Eastern Snake River Plain- Recent Challenges in System Management

The State of Idaho administers water rights according to the Prior Appropriation Doctrine (see Water Rights and Conjunctive Management).  Idaho fully recognized the need to implement conjunctive management of its water resources in 1984 when the Idaho Supreme Court determined that hydropower water rights of Idaho Power Company at Swan Falls Dam were not subordinated to junior upstream irrigation rights.  The case alerted water users in the basin that ground water pumping for irrigation was impacting spring discharge and flow in the Snake River, and that surface and ground water rights were to be jointly administered.  In 1992, a moratorium was imposed on new irrigation pumping on the eastern Snake River Plain (Idaho Department of Water Resources, 1996), which is still in place.  Subsequently, IDWR promulgated conjunctive management rules to provide a mechanism to stem conflicts between surface and ground water users when water supplies are limited.  IDWR has also formed water measurement districts in the Eastern Snake River Plain (see above figure) that require the measurement and reporting of ground-water pumping at rates exceeding 0.24 cfs, or irrigating areas greater than 5 acres.  

Depletion of spring flows and declining ground-water levels are a collective effect of drought, changes in surface-water irrigation acreage and practices, and ground-water pumping.  A recent model study (IDWR, 1997) indicates that the collective effects of all ground-water pumping within the boundaries of the eastern Snake River Plain depletes spring discharge and flow of the Snake River by about 900,000 acre-feet per year (1,200 cfs).  The same study projects that changes in surface water irrigation practices have depleted the spring discharge by about 500,000 acre-feet per year (700 cfs).  IDWR and the courts are placed in the position of determining the degree to which junior ground-water users have injured senior surface-water users.  Isolating cause and effect relationships on a case by case basis will be difficult and costly.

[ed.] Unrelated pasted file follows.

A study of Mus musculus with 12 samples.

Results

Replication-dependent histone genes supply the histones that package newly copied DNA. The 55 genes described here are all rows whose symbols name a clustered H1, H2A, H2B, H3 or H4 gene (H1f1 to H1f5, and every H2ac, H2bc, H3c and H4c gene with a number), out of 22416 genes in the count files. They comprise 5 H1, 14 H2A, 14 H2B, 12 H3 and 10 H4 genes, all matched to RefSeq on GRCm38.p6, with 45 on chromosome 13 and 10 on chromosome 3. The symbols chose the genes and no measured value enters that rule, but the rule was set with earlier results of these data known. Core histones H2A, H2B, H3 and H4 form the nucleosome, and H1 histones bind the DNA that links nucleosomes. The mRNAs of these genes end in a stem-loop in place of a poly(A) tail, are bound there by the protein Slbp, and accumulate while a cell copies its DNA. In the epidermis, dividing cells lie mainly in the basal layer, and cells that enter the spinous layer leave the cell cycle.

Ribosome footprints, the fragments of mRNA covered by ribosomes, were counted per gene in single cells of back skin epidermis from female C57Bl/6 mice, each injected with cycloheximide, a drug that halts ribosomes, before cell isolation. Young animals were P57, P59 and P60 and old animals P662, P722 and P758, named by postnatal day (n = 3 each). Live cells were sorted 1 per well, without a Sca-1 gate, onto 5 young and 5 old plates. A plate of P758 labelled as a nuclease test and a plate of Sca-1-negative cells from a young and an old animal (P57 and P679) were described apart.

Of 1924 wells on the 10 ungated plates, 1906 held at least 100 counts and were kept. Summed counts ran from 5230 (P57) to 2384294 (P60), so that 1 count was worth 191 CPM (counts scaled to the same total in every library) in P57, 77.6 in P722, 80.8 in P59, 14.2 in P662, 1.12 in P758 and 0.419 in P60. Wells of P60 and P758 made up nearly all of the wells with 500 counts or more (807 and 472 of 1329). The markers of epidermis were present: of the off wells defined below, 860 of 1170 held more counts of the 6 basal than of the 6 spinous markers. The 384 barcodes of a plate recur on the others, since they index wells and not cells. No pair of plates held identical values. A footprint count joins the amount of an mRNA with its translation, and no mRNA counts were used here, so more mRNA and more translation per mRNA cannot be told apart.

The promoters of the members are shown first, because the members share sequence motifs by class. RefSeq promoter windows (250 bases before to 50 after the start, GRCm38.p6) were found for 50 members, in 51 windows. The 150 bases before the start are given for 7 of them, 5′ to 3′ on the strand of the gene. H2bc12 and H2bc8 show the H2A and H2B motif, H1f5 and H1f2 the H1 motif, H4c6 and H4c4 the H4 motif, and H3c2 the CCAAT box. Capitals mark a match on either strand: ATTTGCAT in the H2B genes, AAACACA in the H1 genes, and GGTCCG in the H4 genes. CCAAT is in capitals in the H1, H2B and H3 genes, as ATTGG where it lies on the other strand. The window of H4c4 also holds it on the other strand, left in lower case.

Although most water users and managers accept the concept that ground water use depletes surface water supplies, it is not necessarily accepted that depletion constitutes legal injury.  The conjunctive management rules provide for weighing the time of year in which depletion is experienced, the efficiency of use of the senior water users, and the maximum economic benefits of all uses, against the possibility of "futile call".

The State's conjunctive management rules allow junior priority water users to mitigate injury to senior surface and ground water users.  One of the mechanisms is to provide supplemental recharge to the aquifer.  Both surface and ground water users have embraced artificial or managed recharge as a means of avoiding future conflicts and litigation.

Information supplied by Idaho Water Resource Research Institute, University of Idaho December 1998
Authors: Dr. Gary Johnson, Donna Cosgrove, and Mark Lovell.
Graphics: Sherry Laney and Mark Lovell of Idaho Water Resources Research Institute.
All State of Idaho images and graphics created with GIS files obtained through Idaho Department of Water Resources Public Domain GIS unless otherwise noted.